B-roll is any topical, but non-specific, material used to establish context or mood or to support the narrative contained in the main footage or dialogue. The phrase comes from the early days of film editing, when editors would have two rolls of actual film to work from. The A-roll would form the bulk of the final product, while the B-roll would be used to improve the timing and atmosphere of the A-roll.
We got that B-roll!
You’ve probably seen this in action; in a documentary about Silicon Valley, for example, you might hear interview dialogue continuing over shots of server farms in California, or generic footage of people using smartphones, or indeed, the interviewee themselves going about their daily business. Because early editors were working with film, the film itself had to be cut in order to splice in B-roll - thus we get terms such as ‘cut into’ and ‘intercut.’ Here’s a perfect example from The Act of Killing (2012).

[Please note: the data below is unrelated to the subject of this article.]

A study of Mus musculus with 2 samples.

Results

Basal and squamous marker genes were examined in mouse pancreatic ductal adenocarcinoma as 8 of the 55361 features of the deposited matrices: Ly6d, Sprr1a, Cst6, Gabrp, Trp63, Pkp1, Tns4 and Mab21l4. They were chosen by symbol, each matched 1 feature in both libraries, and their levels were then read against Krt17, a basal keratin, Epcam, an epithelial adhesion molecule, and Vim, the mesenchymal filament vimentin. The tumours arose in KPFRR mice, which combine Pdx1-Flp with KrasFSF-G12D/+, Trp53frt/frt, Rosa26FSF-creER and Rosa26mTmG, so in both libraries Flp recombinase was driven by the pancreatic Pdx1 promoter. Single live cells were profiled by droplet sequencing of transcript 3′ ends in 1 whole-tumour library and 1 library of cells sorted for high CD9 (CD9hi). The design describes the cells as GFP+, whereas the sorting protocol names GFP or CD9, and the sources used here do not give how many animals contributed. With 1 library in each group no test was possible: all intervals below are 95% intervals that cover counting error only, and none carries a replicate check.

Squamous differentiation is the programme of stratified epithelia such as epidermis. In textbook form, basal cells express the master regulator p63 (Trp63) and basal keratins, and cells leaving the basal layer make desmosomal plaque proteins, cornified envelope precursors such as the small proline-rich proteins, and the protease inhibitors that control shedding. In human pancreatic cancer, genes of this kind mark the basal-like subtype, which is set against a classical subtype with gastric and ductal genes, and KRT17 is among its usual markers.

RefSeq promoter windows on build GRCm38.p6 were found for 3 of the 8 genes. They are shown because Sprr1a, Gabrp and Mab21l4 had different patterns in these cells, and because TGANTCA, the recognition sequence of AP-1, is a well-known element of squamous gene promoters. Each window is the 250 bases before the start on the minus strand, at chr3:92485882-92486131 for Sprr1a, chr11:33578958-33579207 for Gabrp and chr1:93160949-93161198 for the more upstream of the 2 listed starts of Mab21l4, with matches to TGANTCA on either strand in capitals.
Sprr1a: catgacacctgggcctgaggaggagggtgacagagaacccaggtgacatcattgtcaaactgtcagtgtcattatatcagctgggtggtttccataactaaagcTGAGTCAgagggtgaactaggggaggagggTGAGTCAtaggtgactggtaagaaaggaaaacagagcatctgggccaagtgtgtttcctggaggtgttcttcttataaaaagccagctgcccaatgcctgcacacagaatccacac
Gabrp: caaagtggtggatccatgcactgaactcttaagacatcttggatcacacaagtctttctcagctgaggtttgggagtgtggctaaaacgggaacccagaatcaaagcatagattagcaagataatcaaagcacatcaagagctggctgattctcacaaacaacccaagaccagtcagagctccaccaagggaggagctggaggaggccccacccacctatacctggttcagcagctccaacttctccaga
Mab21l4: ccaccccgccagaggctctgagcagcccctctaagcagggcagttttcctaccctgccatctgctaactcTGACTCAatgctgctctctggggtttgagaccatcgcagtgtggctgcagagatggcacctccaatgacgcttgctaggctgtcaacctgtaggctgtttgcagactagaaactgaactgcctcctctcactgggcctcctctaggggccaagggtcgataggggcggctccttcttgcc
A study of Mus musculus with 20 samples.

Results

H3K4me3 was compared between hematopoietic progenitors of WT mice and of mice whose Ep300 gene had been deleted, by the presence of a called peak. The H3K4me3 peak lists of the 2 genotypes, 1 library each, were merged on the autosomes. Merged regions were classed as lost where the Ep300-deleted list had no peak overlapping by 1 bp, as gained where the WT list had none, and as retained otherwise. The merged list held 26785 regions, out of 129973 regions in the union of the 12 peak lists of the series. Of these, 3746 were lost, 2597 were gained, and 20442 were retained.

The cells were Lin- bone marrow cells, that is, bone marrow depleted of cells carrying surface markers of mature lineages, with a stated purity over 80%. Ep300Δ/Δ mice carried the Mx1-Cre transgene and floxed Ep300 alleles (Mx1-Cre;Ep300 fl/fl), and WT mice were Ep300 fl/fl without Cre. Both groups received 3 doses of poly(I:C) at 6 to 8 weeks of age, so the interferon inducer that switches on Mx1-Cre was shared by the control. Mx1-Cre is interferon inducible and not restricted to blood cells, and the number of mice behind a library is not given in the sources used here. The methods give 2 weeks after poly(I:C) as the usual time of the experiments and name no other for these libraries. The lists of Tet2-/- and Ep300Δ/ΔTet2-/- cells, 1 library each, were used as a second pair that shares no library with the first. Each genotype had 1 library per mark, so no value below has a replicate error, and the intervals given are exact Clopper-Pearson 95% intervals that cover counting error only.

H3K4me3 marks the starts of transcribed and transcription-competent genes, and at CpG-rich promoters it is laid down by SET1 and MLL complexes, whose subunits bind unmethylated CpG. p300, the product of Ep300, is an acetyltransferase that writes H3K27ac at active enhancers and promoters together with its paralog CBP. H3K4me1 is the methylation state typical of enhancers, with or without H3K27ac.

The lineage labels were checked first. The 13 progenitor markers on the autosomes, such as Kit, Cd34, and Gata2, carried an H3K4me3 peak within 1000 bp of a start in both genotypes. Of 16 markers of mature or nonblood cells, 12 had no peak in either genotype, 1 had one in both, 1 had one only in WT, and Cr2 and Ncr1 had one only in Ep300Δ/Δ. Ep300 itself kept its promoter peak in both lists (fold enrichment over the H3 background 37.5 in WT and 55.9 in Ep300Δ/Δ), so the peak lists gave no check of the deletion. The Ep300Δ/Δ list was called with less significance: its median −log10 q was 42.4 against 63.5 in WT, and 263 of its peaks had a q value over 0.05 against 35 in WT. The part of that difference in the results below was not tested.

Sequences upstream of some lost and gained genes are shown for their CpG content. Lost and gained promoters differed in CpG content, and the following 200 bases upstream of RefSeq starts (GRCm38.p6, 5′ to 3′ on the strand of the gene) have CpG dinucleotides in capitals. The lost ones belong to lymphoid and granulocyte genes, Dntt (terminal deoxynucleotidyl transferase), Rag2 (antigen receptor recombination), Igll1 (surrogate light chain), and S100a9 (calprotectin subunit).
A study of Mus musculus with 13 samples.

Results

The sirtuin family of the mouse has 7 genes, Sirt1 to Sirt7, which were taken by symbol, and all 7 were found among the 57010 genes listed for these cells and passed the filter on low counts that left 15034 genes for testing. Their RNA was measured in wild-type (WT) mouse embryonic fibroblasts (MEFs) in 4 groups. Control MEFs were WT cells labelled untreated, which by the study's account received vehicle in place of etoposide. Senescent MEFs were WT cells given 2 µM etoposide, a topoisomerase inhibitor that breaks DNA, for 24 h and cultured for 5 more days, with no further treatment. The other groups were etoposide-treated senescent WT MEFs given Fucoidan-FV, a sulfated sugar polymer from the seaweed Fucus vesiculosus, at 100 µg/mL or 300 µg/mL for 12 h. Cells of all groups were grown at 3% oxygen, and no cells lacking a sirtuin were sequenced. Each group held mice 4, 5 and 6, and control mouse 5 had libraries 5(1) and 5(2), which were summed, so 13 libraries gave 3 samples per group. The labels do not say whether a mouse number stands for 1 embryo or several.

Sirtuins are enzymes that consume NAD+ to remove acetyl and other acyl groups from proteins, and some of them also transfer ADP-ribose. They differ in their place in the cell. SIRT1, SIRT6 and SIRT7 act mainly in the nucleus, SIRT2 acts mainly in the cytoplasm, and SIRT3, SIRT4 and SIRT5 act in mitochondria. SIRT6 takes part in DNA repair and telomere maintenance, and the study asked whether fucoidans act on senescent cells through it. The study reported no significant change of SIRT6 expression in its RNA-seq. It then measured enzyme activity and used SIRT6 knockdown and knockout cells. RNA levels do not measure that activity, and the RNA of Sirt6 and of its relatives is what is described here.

Good B-roll tells its own story
While he’s speaking, the character’s interview audio is playing over B-roll which the crew have shot of him campaigning for parliament in his neighbourhood. This footage doesn’t form part of the main visual narrative of the film, but serves as an excellent illustration of how eager the character is to talk about extorting money from his would-be constituents. Without this B-roll, the interview segment at the end of the clip would be perfectly fine, but just not quite as interesting.
Since the move away from physical film, the use of the term A-roll has faded away, but B-roll is still in use. ‘B-roll’ is sometimes used interchangeably with ‘stock footage,’ but this isn’t entirely accurate. Stock footage is pre-filmed material of just about any subject you can think of. B-roll can be drawn from stock footage, but stock footage is not itself B-roll.